Anne Jackson talks about a question posed to her and a (religious) leadership development team during a recent trip to Uganda:
“Would you rather your children grow up in Uganda or America?”
What would you say?
Seems like an easy answer, no?
One man — a pastor/father/Ugandan — said this (without hesitation):
Some of us seemed a little shocked. America. It’s the land of opportunity. It’s safe. You can get medical attention. At least three meals a day.
“Exactly,” the man said. “You know where your next meal is coming from. You have jobs. Paychecks. In Uganda, you may not know where your next meal comes from. You have no money. You have nothing to depend upon but God. And I would rather have my children rely on God more than I would want them to be distracted by everything else.”
I’m trying to figure this out — without any American bias on my part.
Given the choice between a wealthy country and a poor one, is there really any good reason to live in the poor one? Saying you’d want to live in the poor country so your kids would have to rely on God more seems tantamount to abuse (“I don’t want my children receiving better medical care in America; I’d rather they pray for it”). Why would anyone forego having the agriculture/health/schools/etc? It’s one thing to be talking about the distractions of material goods, but this guy is also including the essential resources.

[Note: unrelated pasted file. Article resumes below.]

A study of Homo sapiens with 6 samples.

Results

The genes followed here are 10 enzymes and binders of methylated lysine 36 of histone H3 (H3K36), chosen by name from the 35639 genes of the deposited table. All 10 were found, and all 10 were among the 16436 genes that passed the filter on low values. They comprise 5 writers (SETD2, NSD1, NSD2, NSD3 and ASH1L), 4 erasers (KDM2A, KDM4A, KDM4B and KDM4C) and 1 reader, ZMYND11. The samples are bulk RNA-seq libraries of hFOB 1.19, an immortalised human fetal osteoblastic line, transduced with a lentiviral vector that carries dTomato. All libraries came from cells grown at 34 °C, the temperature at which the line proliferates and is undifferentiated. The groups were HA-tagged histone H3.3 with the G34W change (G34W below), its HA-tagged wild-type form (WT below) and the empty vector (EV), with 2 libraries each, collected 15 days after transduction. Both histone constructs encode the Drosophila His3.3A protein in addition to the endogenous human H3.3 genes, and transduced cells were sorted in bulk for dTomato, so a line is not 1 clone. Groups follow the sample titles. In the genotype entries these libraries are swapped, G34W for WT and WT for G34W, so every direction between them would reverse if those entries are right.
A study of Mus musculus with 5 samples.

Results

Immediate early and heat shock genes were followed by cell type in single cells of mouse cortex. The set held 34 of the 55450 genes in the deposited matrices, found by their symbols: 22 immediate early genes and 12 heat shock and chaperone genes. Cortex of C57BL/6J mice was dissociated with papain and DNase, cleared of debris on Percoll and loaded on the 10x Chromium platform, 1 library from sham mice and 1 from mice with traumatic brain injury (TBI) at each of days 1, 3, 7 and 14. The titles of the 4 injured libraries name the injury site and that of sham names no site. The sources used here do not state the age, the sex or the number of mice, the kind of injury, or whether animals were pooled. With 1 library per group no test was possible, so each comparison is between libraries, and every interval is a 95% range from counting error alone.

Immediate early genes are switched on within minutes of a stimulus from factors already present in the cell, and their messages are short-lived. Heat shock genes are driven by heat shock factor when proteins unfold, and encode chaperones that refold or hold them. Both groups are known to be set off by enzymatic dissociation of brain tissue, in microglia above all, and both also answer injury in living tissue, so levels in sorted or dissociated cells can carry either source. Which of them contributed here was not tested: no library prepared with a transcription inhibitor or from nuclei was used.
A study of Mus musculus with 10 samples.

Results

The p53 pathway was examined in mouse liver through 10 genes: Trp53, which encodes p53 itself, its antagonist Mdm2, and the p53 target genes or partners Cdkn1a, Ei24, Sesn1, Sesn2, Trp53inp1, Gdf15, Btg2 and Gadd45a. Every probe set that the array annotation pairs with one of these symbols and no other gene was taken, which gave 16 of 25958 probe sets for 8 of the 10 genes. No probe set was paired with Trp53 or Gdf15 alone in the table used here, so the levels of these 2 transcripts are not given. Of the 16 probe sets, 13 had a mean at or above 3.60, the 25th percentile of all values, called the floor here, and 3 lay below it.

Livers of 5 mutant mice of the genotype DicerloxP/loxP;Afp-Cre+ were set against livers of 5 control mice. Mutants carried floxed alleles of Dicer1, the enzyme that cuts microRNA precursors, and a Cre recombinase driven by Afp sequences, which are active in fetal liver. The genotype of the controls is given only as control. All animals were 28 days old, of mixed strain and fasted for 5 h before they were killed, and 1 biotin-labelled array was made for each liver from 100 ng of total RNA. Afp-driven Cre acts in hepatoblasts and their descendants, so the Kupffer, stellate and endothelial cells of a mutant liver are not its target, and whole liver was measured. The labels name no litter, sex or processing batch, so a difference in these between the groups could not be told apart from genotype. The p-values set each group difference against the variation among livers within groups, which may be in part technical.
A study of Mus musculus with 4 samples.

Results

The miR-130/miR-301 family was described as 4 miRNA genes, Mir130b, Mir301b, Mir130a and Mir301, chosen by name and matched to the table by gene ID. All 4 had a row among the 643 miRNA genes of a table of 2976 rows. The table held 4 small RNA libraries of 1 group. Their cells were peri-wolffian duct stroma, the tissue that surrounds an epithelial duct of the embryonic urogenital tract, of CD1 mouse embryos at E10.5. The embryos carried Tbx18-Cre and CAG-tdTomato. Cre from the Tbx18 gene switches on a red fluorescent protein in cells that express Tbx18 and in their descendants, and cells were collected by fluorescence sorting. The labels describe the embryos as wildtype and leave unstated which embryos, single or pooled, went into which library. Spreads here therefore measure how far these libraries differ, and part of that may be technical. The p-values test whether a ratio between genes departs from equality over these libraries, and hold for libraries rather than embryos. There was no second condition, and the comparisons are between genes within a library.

I certainly don’t think this man is more pious than any other Christian that was there. If you believe in God, that’s that. I don’t rank people from least pious to most pious; it’s all the same (mistaken) belief to me.
Yes, you probably have more distractions, even at church, in America. But if you get “distracted,” that’s your own fault. I don’t think anyone’s accusing (non-hypocritical) Christians of not being as faithful as their third world counterparts. Christians thank God for what they have in life and they sincerely believe that. To say that you have to give up what you have in America in order to believe more strongly in God seems wrong. (Again, talking about necessities, not luxuries.)
Maybe this guy is just rationalizing his unfortunate (in my opinion) lot in life.
Anne’s commenters seems to be thinking along the same lines.